Argumentative is an evidentiary objection raised in response to a question which prompts a witness to draw inferences from facts of the case.

...

For example, if a lawyer on direct examination were to ask his witness, "So he was driving negligently?," opposing counsel could raise an argumentative objection. This is because negligence is a legal term of art, and the witness cannot reasonably answer the question. Since the lawyer is "arguing" his case through the witness, the objection would be sustained, and then stricken from the record.

So what is the adjective for questions that do not ask to draw inferences or, I guess additionally, to state opinions? I think not 'objective' otherwise we might say 'subjective' instead of 'argumentative'. Same for 'direct': 'indirect'


The example given is 'was the driver negligent?' The answer could well be seen as 'conciliatory' if it is consistent with the case being advanced by the advocate. It is still an impermissible argumentative question, because it is a question of law for the court to decide, not a question of fact.

Suppose the lawyer wants to prove that a driver was negligent. An eyewitness could give evidence about what he or she saw and heard. A qualified professional could give expert evidence about what can be inferred from the physical evidence or agreed facts (eg. whether anybody was speeding). In the unlikely event that the driver admitted fault but a trial was still necessary, the driver could give evidence that they were drunk or not paying attention.

None of these witnesses can express an opinion as to whether or not the driver was negligent, because that is the argument that the court has to decide by drawing inferences from the witnesses' factual evidence. In this context, the opposite of argumentative could be admissible, factual, direct or non-opinion.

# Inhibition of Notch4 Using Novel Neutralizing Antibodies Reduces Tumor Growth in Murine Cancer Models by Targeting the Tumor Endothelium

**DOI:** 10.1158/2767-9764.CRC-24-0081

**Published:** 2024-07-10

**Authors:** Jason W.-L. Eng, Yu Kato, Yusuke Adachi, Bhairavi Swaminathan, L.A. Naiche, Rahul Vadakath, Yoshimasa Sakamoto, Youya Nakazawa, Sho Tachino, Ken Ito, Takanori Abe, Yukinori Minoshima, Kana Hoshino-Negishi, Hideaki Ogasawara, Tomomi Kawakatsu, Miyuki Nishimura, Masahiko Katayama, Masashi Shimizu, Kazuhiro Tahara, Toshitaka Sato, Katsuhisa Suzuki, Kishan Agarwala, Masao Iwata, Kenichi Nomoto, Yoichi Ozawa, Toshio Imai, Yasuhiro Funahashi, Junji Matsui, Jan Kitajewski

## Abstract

You list one of a number of possible objections that can be raised to a question posed to a witness during a trial. The opposite of a question that can be disallowed under the rules of trial is presumably a question that is allowed.

  • Oh sorry last part is wrong. Editing. – BCLC Jul 27 '15 at 5:15
  • Edited. Is the only word for that really 'non-argumentative' ? – BCLC Jul 27 '15 at 5:16
  • 'Factual questions? – Dan Bron' – BCLC Jul 29 '15 at 4:07
  • How about a 'forensic' in a non-scientific sense? – BCLC Jul 29 '15 at 5:47

You can come up with many answers that you could defend depending upon the context of why you asked the question in the first place. ie., Is it for a screen play? Or a script? Just for your own personal knowledge? Are you planning to respond to an objection? Etc.


  • I encountered that word before but just realised now that conciliatory in this case is synonymous to factual in the sense that factual questions seek to establish common ground. Thanks Stephen ^-^ – BCLC Feb 19 '16 at 9:14
  • Factual questions do not necessarily seek to establish common ground. For example, prosecution witnesses and the accused might give totally contradictory evidence about facts like 'were you there?' or 'did you intend do that?' This kind of controversy is not an 'argument' in the sense that 'argumentative' is used here. – sjy Apr 5 '16 at 16:21

To be non-argumentative is to do nothing as such and therefore is the balance between argumentative and it's opposite.

Perhaps legally there is no real action that is the opposite.

My first thought was submissive.


At least for an answer to a question. But a question might be "on topic" if it is not "argumentative."